July 15, 2010

When addressing a letter, you follow a standard format: name, street address, city, state, zip. But what if there were no rules to follow? What if you wrote the zip code first, or the street number after the state? The postal service would need to analyze each piece of mail separately, a time-consuming and inefficient task with high probability for human error.

Analogically, that's how security researchers and IT technicians feel when they query domain names (everything after the www. in a web address) to investigate cyber violations, such as phishing or spam. However, Yu-Lo Su, an INI Master of Science in Information Technology - Information Security (MSIT-IS) student from Taiwan, is spending his summer trying to change that.

Supervised by Professor Nicolas Christin, INI associate director and faculty member, Su is developing a module that takes the raw data from a domain name query and presents the information in a standard format.

Through a query/response protocol called WHOIS, researchers and technicians can find information about a domain name's owner, or 'registrant'. This information can include the registrant and IT technician's contact information, billing information, and the domain's start and expiration dates.

However, current query methods are inconsistent in the type, order and format of output information. Su's module will standardize this output data, making the information more accessible and user-friendly. According to Su, a consistent output format will immensely help security researchers who commonly conduct batch processing, querying large numbers of domain names simultaneously.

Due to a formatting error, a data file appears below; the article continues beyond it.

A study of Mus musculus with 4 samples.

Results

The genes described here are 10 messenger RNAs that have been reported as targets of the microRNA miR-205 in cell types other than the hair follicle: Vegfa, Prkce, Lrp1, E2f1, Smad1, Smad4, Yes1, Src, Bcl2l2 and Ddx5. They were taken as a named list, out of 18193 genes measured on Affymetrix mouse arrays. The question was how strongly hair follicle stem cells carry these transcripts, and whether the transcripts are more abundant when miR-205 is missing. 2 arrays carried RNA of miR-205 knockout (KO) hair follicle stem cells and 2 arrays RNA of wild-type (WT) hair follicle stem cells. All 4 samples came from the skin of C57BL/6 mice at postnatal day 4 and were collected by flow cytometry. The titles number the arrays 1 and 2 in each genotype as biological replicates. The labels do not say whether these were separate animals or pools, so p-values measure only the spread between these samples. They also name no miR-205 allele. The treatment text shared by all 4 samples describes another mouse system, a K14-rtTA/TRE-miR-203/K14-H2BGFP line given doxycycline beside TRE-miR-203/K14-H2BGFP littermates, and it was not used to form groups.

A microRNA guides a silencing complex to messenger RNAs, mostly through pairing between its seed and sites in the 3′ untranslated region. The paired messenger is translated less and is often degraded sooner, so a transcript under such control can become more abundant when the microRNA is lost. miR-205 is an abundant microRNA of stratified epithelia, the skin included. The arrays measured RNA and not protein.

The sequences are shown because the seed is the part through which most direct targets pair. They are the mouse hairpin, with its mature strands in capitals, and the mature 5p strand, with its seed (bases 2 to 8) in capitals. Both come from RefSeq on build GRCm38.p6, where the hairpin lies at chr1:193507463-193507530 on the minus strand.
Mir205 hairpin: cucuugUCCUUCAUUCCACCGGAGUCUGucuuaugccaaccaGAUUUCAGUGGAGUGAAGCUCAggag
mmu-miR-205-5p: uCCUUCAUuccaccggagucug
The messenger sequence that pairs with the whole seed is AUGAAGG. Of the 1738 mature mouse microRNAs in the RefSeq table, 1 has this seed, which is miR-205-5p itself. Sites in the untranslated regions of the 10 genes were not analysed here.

"Imagine querying 1,000 different domain names at the same time, and receiving a different field name for each entry, even though all fields describe the same type of information," Su said. "For example, 'Updated On', 'Last Updated', and 'Domain Last Updated Date' all refer to the same thing, but imagine sorting through 1,000 different ways to list that information. Wouldn't that be troublesome?"

To develop his module, Su is building upon an existing module from the Comprehensive Perl Archive Network (CPAN). With help from his sponsor at the Internet Corporation of Assigned Names and Numbers (ICANN) and his INI classroom knowledge, Su is using the programming language Perl to extend the current module’s capabilities.

Su will continue his work through the summer and possibly into the fall, until he graduates in December 2010. When his module is complete, Su will publicly post it on CPAN to benefit ICANN and other organizations, which can then implement the module or continue to build its functionality. With time permitting, Su hopes to further extend his module to benefit global users as well.

"Right now, this module primarily concentrates on U.S. domain names," Su said. "Eventually, it should encompass international domains as well to truly benefit everyone."